Georgia will rely more on the sun to generate electricity as it retreats from its once overwhelming reliance on coal.
The state Public Service Commission’s five members — all Republicans — unanimously directed Georgia Power to make its biggest increase ever in renewables, nearly doubling the solar capacity of the state’s largest utility. The addition — 2,210 megawatts of new capacity from solar panels by 2024 — is enough to power more than 200,000 homes of the company’s 2.6 million customers.
“It’s one of the cleanest and cheapest generation (sources) we can have,” PSC chairman Lauren “Bubba” McDonald said.
He successfully pushed to more than double the amount of solar Georgia Power initially proposed as part of an update to its long-range energy plan. Most of the new solar generation is expected to come from large-scale commercial arrays rather than homeowners’ rooftops.
Solar panels produce electricity without emitting carbon, a pollutant that has been blamed for climate change. The commissioners did not cite that issue. They did, though, predict the new solar generation will have lower costs than some other forms of energy.
Still, the savings are not expected to be significant enough for customers to notice a change in their power bills, PSC commissioners said. Meanwhile, rates could rise in the future because of other shifts, including costs tied to the overbudget nuclear expansion at Plant Vogtle and a $2.2 billion rate increase that Georgia Power recently proposed to phase in starting in January.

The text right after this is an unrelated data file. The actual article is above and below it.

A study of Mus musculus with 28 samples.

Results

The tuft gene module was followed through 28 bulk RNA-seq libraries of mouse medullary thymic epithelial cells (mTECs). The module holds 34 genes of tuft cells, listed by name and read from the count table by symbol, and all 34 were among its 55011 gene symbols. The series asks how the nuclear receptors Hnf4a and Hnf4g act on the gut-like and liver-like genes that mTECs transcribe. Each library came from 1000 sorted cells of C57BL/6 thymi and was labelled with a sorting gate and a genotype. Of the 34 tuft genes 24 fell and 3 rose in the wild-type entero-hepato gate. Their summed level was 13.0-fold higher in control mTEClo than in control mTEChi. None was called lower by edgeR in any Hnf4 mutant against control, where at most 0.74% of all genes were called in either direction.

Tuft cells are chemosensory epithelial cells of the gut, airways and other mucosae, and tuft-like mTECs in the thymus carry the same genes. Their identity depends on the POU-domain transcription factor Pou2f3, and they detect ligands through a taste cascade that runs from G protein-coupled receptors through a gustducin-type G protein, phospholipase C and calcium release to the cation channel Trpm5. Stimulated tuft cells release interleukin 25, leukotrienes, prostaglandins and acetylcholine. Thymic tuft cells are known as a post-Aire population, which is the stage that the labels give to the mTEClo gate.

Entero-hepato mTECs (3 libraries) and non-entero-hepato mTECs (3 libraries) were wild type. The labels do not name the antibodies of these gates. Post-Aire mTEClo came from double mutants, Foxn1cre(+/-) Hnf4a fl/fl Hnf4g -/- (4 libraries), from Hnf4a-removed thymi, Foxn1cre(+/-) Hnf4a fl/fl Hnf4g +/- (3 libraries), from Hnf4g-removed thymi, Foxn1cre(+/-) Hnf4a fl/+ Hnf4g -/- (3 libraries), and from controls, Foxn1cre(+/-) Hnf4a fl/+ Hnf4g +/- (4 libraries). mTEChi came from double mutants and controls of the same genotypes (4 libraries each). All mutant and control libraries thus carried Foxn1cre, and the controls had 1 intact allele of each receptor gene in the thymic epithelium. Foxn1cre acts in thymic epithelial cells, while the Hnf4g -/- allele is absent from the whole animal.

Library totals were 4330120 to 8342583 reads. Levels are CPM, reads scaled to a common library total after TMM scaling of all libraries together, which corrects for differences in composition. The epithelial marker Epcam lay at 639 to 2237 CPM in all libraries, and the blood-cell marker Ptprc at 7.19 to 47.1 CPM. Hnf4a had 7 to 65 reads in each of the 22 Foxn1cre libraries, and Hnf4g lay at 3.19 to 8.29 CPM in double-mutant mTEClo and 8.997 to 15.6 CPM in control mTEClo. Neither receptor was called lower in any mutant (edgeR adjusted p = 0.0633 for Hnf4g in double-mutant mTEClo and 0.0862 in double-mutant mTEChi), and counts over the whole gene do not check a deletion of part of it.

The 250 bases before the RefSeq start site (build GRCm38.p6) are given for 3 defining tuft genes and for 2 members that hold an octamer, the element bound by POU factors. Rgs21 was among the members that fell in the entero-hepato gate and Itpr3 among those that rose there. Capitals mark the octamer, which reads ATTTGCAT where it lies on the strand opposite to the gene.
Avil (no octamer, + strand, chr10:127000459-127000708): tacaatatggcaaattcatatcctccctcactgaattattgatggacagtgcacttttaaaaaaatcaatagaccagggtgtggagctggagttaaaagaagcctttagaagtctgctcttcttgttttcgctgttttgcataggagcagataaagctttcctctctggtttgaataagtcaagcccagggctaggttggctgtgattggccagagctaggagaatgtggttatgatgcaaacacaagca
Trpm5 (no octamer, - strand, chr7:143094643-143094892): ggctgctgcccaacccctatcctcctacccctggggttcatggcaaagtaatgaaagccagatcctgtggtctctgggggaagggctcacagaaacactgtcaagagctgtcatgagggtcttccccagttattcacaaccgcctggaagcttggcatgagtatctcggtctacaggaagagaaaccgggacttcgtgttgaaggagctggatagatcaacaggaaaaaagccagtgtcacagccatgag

Natural gas is expected to remain the largest fuel source for Georgia Power.
But coal plants, once the dominant power source in Georgia and favored by President Donald Trump, are a shrinking part of the state’s energy mix as they become less economically viable. The PSC agreed with Georgia Power’s recommendation to close five coal-burning units, one at Plant McIntosh near Savannah and four more at Plant Hammond near Rome. The company started winding down operations this year.
PSC Vice Chairman Tim Echols said he wanted to add solar before federal investment tax credits for it begin to decline in 2020. “I do not believe Congress and the president will reinstate this credit. So Georgia needed to take advantage of the low prices while available.”
If the tax credits fall, the solar additions could be the last big wave for Georgia Power for years to come, Echols said.
Georgia Power particularly heralded the PSC’s approval of 80 megawatts of battery energy storage, which could help store solar power.
The project “is critical to growing and maximizing the value of renewable energy for customers as we increase our renewable generation,” Allen Reaves, the Atlanta-based company’s senior vice president, said in a press release.
The PSC also directed Georgia Power to add 50 megawatts of biomass power, which is typically generated by burning wood. While such energy production tends to be more expensive, PSC commissioner Jason Shaw said biomass plants could create jobs in rural areas and support the forestry industry.
Environmental groups generally heralded the solar additions and a PSC decision to grow energy efficiency programs.
Kurt Ebersbach of the Southern Environmental Law Center said in an emailed statement that McDonald has cemented his legacy as the leading solar champion in Georgia.
Others said the state needs much more solar and should make deeper cuts in use of fossil fuels.
“Although this result is more than the company first proposed, it’s still much less than Georgia needs,” wrote Stephen Stetson of the Sierra Club’s Beyond Coal campaign in Georgia.